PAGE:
Sony KDE-P42MRX1 review

It looks expensive - so what are you paying for?

TechRadar Verdict

Too inconsistent to be good value at the list price, but if you can get it cheaper it's definitely worth considering


The answer is behind that floating screen, which is itself part of the justification for the price. Already a design classic, the screen is surrounded on all sides by a transparent glass frame, creating the impression that the picture is hanging in mid air, as if by magic.

The good looks extend to the multimedia box, which is generally well laden with connections. It can handle high-definition and progressive scan signals via component inputs, plus there are the usual RGB Scart/Svideo/ composite video suspects and inputs for a PC.

Disappointingly, however, there are no DVI nor HDMI jacks for digital signals, which also leaves this set unable to accept Sky's imminent HD service. Of course, this screen was on sale before we knew exactly how this was going to be delivered, but it does make the high price seem unjustified.

A trio of RF terminals and a conditional access module slot are connected with one of the KDE-P42MRX1's key features: a digital tuner. This is backed by an authoritative set of functions, including a very sophisticated EPG and fast digital teletext.

What goes some way to explaining this screen's price is its picture processing brains, AKA Wega Engine. We've been hugely impressed with Wega Engine on smaller Sony TVs, so let's hope it holds up here...

Happily it does - though arguably not quite so devastatingly well as we might have have hoped. The colours on show from our test disc, the US remake of The Ring, were particularly striking, combining one of the most natural tones we've seen on a plasma with breathtaking vibrancy and an almost complete dearth of picture noise.

And while we're on the subject of noise, we also have to give massive credit to the purity of the Wega Engine system. Unlike practically all systems found on rival screens, it throws up nothing in the way of nasty processing side effects, going about its amazingly sophisticated business - in real time, let's not forget - as if massively improving pictures was the easiest job in the world!

Traditional troubles

Sadly, however, the KDE-P42MRX1's Wega Engine isn't absolutely the most successful we've seen, although this is due to little glitches in Sony's core plasma technology rather than in the Wega Engine process. We spotted occasional evidence of the old quartet of traditional plasma weaknesses: fizzing behind movement, colour banding, mediocre contrast/black level response and green or grey dot crawl over dark areas. We know from experience that some other manufacturers' screens can handle these old-school issues better.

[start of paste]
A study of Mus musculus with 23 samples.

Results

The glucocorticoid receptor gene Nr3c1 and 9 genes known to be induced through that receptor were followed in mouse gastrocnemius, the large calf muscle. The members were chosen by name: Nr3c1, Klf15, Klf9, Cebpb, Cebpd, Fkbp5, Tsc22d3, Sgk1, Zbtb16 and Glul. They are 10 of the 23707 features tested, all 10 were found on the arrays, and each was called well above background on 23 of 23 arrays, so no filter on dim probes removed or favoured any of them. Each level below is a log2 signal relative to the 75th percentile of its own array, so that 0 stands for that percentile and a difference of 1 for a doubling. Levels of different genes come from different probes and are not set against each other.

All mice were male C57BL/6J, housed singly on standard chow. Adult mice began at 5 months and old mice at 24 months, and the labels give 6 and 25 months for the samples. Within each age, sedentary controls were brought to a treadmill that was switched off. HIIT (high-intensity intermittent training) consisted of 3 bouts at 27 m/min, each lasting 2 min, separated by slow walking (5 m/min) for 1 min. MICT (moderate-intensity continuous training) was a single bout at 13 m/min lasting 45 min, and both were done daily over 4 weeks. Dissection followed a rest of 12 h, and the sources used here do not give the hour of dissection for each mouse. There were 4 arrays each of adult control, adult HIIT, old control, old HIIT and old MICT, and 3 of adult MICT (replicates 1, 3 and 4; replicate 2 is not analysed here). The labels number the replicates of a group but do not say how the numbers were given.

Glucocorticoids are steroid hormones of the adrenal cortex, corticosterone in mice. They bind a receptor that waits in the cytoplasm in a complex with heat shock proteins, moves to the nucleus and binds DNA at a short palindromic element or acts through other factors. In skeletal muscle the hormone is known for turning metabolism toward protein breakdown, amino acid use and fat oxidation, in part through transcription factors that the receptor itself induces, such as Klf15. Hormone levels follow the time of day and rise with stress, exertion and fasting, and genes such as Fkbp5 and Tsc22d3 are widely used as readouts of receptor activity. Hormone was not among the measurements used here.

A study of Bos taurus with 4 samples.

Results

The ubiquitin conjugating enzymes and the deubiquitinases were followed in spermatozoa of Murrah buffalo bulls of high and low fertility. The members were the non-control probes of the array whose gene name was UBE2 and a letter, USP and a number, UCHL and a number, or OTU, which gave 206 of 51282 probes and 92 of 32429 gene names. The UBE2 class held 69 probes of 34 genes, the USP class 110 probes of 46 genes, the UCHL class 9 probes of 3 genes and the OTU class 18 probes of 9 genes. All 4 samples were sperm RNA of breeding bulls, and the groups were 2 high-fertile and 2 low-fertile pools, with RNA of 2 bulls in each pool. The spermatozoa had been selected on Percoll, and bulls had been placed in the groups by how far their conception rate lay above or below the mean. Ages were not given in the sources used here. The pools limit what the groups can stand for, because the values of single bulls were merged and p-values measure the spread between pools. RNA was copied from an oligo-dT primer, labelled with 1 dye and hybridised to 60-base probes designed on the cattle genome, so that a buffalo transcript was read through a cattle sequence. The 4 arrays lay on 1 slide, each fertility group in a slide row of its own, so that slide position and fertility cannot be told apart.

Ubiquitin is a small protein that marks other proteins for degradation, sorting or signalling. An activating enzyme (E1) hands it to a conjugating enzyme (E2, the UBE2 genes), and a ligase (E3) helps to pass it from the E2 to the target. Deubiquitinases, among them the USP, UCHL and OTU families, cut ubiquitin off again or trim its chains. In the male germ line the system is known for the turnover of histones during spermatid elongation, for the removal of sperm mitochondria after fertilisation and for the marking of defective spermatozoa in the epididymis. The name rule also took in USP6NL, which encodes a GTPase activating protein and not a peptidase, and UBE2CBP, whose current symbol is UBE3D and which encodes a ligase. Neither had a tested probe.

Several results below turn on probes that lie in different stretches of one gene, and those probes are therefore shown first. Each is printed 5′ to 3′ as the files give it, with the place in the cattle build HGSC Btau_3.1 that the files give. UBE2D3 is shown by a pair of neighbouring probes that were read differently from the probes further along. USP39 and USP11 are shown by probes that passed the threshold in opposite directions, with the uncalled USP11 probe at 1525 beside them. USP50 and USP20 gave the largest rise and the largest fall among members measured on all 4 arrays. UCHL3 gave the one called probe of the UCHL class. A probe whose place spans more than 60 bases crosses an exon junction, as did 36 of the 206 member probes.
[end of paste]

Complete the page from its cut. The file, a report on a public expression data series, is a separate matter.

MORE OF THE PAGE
To be fair, they aren't much of an issue with high-definition or progressive scan, with which this Sony is as good as anything else we've seen. But with RGB Sky feeds or Freeview, their presence is undeniable.

There are no such negatives in the KDE-P42MRX1's audio performance. While we feel that the built-on speakers slightly spoil the design ethic, we absolutely love the power, dynamic range, clarity and richness of the sound they produce.

So is the KDE-P42MRX worth the money? It's too inconsistent to be good value at the list price, but with online prices dropping to around £4,500, it's definitely worth considering. Make no mistake, the speakers and that Wega Engine are serious pieces of kit capable of (standard definition only) miracles, which makes us warm to this screen - but only with that price drop. was the former name of Its staff were at the forefront of the digital publishing revolution, and spearheaded the move to bring consumer technology journalism to its natural home – online. Many of the current TechRadar staff started life a staff writer, covering everything from the emerging smartphone market to the evolving market of personal computers. Think of it as the building blocks of the TechRadar you love today.